The US Supreme Court has ruled that standing in a federal false advertising case is not limited to the advertiser’s competitors. The court held that it is sufficient for standing if the plaintiff has a commercial injury “flowing directly from the deception wrought by the defendant’s advertising.”
The case arose out of a dispute between Lexmark International Inc., a maker of laser printers and printer cartridges, and Static Control Components Inc., which sells parts and supplies for reusing used printer cartridges (including Lexmark’s).
For certain expensive printers, Lexmark offered a “Prebate” program under which buyers could get print cartridges at a discount if they agreed to return them to Lexmark for refilling.
To prevent users from having the cartridges refilled by third parties at a lower cost, Lexmark included a function on a computer chip on each cartridge. A refurbished cartridge would not work unless Lexmark replaced the chip.
Static made a “Smartek” chip that mimicked the effect of the Lexmark chip and sold it to third parties that refurbished Lexmark cartridges. The Static chip included an exact copy of Lexmark’s Toner Loading Program.
Lexmark first sued Static for copyright infringement in 2002, and in 2003 won a preliminary injunction against Static. In 2004, Static filed an action seeking a declaration that its redesigned chips did not infringe Lexmark’s copyrights. Lexmark responded with counterclaims including claims of patent infringement.
Under the Lanham Act (which governs false advertising and trademark claims), Static alleged that Lexmark had engaged in two types of false or misleading conduct:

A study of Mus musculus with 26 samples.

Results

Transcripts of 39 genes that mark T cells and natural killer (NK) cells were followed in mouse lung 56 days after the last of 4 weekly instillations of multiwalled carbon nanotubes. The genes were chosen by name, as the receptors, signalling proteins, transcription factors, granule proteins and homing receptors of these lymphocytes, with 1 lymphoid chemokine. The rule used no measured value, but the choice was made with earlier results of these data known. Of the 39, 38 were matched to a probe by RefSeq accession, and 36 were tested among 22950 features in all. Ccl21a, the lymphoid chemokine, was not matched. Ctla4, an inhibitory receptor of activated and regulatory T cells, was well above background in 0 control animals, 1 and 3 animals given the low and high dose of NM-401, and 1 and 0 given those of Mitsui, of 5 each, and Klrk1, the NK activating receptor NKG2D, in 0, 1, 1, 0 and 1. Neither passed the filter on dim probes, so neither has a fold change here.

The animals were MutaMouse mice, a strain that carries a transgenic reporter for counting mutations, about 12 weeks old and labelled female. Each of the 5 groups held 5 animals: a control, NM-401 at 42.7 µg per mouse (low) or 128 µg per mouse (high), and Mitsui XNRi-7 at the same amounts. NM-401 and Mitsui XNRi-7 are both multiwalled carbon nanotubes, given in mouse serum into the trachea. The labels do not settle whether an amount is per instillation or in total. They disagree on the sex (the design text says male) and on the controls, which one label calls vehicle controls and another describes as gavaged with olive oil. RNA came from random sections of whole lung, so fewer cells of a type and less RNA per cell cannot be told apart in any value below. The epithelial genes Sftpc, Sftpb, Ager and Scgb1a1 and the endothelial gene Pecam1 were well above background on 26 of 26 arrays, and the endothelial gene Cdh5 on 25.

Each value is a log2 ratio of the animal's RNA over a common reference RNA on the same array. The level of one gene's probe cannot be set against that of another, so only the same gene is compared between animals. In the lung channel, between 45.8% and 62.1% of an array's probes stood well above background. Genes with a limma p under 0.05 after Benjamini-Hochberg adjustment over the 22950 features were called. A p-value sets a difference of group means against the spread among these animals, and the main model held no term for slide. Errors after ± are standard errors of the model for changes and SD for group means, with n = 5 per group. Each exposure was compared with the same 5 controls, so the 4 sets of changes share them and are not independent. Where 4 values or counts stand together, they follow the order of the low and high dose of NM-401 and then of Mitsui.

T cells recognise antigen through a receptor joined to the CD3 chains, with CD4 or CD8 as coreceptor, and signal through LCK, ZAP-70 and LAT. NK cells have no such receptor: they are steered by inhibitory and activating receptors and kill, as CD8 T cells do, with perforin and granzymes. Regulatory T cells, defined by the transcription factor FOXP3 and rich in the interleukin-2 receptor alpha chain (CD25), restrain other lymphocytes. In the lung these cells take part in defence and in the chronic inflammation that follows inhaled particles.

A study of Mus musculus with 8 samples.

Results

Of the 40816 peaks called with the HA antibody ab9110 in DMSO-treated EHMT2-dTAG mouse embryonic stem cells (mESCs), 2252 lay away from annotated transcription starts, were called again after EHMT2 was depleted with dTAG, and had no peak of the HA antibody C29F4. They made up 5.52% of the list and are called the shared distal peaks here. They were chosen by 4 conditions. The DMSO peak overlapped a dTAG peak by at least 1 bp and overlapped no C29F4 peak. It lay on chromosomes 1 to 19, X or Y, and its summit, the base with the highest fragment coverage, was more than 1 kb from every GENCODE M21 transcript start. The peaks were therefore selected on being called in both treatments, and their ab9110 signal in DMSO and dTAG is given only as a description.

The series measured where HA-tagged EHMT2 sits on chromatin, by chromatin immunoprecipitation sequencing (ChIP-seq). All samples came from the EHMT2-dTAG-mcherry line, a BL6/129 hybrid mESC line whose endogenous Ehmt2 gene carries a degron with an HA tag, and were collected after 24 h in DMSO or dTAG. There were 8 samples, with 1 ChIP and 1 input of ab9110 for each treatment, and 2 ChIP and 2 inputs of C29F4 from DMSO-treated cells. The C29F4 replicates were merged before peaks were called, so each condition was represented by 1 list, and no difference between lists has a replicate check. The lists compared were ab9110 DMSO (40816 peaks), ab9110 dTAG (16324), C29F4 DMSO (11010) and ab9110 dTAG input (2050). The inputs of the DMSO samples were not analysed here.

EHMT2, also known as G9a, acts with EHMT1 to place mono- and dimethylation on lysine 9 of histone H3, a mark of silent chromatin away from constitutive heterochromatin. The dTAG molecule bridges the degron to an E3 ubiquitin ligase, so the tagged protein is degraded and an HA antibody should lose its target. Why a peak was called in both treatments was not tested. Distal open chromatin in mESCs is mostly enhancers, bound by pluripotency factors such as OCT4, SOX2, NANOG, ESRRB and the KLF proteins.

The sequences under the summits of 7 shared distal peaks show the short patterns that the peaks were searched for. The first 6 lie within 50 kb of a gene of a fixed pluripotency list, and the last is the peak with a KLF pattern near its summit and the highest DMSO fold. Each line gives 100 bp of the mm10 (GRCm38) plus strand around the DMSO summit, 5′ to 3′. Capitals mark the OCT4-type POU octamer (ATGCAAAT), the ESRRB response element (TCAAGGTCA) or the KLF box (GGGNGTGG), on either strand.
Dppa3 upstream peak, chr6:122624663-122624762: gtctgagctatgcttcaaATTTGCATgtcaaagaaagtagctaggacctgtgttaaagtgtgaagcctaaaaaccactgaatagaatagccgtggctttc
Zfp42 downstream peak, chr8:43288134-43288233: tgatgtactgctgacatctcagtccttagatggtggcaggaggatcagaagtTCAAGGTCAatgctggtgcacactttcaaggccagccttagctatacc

- Lexmark “purposely misleads end users” by leading Prebate customers to believe that they are legally required to return cartridges to Lexmark after use, and
- Lexmark “sent letters to most of the companies in the toner cartridge remanufacturing business” falsely alleging that it was illegal to sell refurbished Prebate cartridges and to use Static’s products to refurbish the cartridges.
Static alleged that Lexmark had disparaged its business and products by alleging that Static’s products infringed Lexmark’s patents and that its business was therefore illegal.
The Supreme Court determined that statements like Lexmark’s (given the requisite intent and resulting harm) can be the basis for an action for false advertising even though Static and Lexmark are not competitors in the chip market.
The Supreme Court’s “zone of interest and proximate cause” approach probably expands the scope of federal false advertising claims. This is significant because libel (including trade libel) is still generally covered in CGL insurance policies.
If you have questions about false advertising, copyright infringement, or patent infringement, contact out office to arrange a free initial consultation with one of our intellectual property attorneys.